Osteosarcoma: An Evolving Understanding of a Complex Disease

John H. Alexander, MD; Odion T. Binitie, MD; G. Douglas Letson, MD; David M. Joyce, MD


J Am Acad Orthop Surg. 2021;29(20):e993-e1004. 

In This Article

Abstract and Introduction


Osteosarcoma is the most common primary bone sarcoma and affects both children and adults. The cornerstone of treatment for patients with localized and oligometastatic disease remains neoadjuvant chemotherapy, surgical resection of all sites of disease, followed by adjuvant chemotherapy. This approach is associated with up to an 80% 5-year survival. However, survival of patients with metastatic disease remains poor, and overall, osteosarcoma remains a challenging disease to treat. Advances in the understanding of molecular drivers of the disease, identification of poor prognostic factors, development of risk-stratified treatment protocols, successful completion of large collaborative trials, and surgical advances have laid the ground work for progress. Advances in computer navigation, implant design, and surgical techniques have allowed surgeons to improve patients' physical functional without sacrificing oncologic outcomes. Future goals include identifying effective risk stratification algorithms which minimize patient toxicity while maximizing oncologic outcomes and continuing to improve the durability, function, and patient acceptance of oncologic reconstructions.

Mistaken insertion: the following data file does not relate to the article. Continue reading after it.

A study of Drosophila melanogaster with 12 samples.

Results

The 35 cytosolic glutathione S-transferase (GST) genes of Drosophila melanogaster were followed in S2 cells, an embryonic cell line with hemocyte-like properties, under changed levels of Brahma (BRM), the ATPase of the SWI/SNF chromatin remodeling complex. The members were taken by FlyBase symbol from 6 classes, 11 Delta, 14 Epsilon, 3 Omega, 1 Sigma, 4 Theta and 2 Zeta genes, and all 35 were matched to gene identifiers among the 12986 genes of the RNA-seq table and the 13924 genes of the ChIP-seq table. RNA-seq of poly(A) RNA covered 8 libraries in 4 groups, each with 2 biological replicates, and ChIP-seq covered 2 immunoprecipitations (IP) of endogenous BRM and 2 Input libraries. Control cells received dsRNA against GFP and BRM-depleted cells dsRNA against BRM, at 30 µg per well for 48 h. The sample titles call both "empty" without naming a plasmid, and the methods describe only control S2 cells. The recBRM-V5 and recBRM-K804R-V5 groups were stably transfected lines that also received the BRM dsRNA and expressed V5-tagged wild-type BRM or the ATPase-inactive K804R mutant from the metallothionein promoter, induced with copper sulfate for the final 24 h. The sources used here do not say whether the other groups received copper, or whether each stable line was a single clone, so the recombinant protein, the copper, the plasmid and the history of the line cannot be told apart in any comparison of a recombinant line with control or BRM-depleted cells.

Osteosarcoma, the most common primary bone sarcoma,[1] is a heterogenous disease regarding patient age, histologic subtypes, treatment approaches, and prognosis. Recent international collaboration between osteosarcoma study groups has aimed to improve our understanding of osteosarcoma, define prognostic factors, and develop risk-stratified treatment protocols. Emerging therapies, technological advances in imaging and surgical techniques, and improved endoprosthetic designs aim to optimize oncologic and functional outcomes in patients with osteosarcoma.